Diode for Radio Power

We have fried our share of Dlinks because of reverse polarity of the power connector. Any thoughts on putting a diode in the power cord to prevent current in the event of reverse polarity?

  1. Anything in the rules that would prevent that (alter the power path, custom circuit to supply power, etc.)?

  2. Is the voltage drop across the diode a problem? I think Schottky diodes have a 0.40 volt drop.

Yes, sorry. There’s no room in the rules for anything except wires [edit] and connectors [/edit] between the VRM and the D-Link.

Have you found out who is reversing the wires on your D-Link power connector? If it has happened multiple times, it starts to sound intentional.

We had our briefly reversed and connected to 12v at the same time. Fortunately, nothing fried-- it was notices very quickly.

I’d suggest putting some red electrical tape on insulation near the end of the + lead to minimize the likelihood of it happening again and leave a tab of tape with “5v !” written on it on both sides.

I wouldn’t recommend it because it could cause problems and I’m uncertain of the legality BUT I do have a suggestion for you. Don’t use bare wires or rely on the often hard to see striping on the radio power cable. Use Anderson Power Poles on the ends of the wires and then run pigtails back to their respective ends (barrel jack pigtail for the radio and 24/22 AWG pigtail for the other). We then “key” the Anderson powerpoles differently based on 12v or 5v power. We haven’t had any issues with blown components since we started doing this.

EDIT: To be clear, we use both red and black APP connectors to identify the polarity.

It happens during the initial wiring. We usually cut the cord from the AC power adapter and use that. The first year I became a mentor, I watched a Dlink get fried. I was told it happened before. Since then, I won’t let the kids connect the Dlink to a newly wired connector until after the wire has been checked with a volt meter.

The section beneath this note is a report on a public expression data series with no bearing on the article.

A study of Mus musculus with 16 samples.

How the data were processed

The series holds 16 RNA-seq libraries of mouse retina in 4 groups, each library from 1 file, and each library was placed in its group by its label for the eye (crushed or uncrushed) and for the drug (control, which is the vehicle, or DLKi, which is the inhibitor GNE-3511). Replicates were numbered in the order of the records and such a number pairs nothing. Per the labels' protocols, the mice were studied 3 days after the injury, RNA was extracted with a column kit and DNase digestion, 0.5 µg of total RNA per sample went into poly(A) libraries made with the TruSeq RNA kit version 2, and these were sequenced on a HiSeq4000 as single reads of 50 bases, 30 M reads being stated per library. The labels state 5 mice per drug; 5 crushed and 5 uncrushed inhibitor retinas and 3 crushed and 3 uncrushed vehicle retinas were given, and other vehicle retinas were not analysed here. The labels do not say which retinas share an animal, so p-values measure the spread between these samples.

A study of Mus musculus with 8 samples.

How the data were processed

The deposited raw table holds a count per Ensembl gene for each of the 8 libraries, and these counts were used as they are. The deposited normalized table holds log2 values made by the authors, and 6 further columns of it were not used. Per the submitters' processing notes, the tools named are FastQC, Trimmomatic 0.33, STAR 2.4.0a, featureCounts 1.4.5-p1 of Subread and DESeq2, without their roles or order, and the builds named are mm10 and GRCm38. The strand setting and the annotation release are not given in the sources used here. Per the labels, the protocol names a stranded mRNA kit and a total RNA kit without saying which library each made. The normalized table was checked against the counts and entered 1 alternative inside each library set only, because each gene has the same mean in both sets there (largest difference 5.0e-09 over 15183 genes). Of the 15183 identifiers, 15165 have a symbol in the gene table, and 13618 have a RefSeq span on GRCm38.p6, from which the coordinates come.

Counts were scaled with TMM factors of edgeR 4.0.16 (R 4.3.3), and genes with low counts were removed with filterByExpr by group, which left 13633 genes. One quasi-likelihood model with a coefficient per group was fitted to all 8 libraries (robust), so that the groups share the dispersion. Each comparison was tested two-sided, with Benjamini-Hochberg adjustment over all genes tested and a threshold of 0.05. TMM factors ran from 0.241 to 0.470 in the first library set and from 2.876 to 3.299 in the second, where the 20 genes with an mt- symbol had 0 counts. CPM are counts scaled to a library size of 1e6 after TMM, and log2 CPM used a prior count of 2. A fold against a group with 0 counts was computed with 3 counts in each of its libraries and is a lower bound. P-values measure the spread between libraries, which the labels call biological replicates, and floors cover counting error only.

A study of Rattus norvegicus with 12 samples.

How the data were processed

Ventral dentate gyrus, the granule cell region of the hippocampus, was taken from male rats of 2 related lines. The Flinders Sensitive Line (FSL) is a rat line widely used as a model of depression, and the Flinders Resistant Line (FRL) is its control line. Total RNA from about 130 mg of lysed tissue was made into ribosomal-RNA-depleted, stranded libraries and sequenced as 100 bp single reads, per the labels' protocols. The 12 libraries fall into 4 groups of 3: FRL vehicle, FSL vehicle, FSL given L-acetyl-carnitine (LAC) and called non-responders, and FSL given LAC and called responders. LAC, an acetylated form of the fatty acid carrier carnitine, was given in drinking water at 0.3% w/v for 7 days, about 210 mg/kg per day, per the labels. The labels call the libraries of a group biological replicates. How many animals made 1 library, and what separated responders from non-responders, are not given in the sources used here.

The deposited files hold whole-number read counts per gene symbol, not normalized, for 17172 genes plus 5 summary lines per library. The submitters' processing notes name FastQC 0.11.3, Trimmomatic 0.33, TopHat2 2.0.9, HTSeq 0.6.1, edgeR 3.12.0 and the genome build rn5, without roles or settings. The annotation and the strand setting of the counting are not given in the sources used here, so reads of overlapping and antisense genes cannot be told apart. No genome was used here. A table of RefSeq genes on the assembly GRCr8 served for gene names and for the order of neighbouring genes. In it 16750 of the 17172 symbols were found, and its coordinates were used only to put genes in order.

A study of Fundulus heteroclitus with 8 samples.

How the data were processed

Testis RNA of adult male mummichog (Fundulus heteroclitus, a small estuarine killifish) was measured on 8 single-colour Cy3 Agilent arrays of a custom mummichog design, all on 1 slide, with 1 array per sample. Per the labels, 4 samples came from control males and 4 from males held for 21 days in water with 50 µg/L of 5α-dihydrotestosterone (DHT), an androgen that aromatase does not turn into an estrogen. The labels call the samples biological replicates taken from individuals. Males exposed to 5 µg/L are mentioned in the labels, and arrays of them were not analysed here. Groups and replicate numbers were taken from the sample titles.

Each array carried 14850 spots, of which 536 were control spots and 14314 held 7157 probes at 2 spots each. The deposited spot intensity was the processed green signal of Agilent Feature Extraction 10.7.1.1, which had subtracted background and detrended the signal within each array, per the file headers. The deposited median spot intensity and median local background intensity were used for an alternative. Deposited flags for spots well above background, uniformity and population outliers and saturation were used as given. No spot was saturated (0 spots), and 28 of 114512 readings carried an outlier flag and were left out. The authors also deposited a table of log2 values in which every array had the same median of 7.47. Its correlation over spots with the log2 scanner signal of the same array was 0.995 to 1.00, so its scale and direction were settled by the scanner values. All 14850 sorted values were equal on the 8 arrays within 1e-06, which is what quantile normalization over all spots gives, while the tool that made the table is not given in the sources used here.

As Alan said, I don’t think a diode would be legal. This is something we always cripple check, every single year. The stripe on the wire can be hard to see, and it’s easy to forget what it indicates, so everyone on the electrical team does a visual verification when it’s first hooked up. We ALWAYS check continuity with both the center and outside of the plug to ensure its wires correctly. Then, when we do the initial power on, the radio starts unplugged and we verify voltage on the plug before plugging it in.

Verifying proper voltage and polarity before plugging anything in for the first time should be standard practice.

If the problem is that the initial wiring was done incorrectly, I don’t think a diode would help. It’s just as easy to install the diode backwards, or in the wrong wire, as it is to swap the wires when first connecting them. You need to double-check the final connection anyway, and I think it is a lot easier to have just one thing that could be done wrong and which is easily corrected.

Enforce a 100% test policy and instill proper habits in the students instead of bodging in a diode. Everyone that is involved in the wiring should be able to use the DMM and check for proper polarity, voltage, shorts, ect.

God knows we need more EE’s, tech and electricians that will take a second to ring it out before they just go flipping the switch.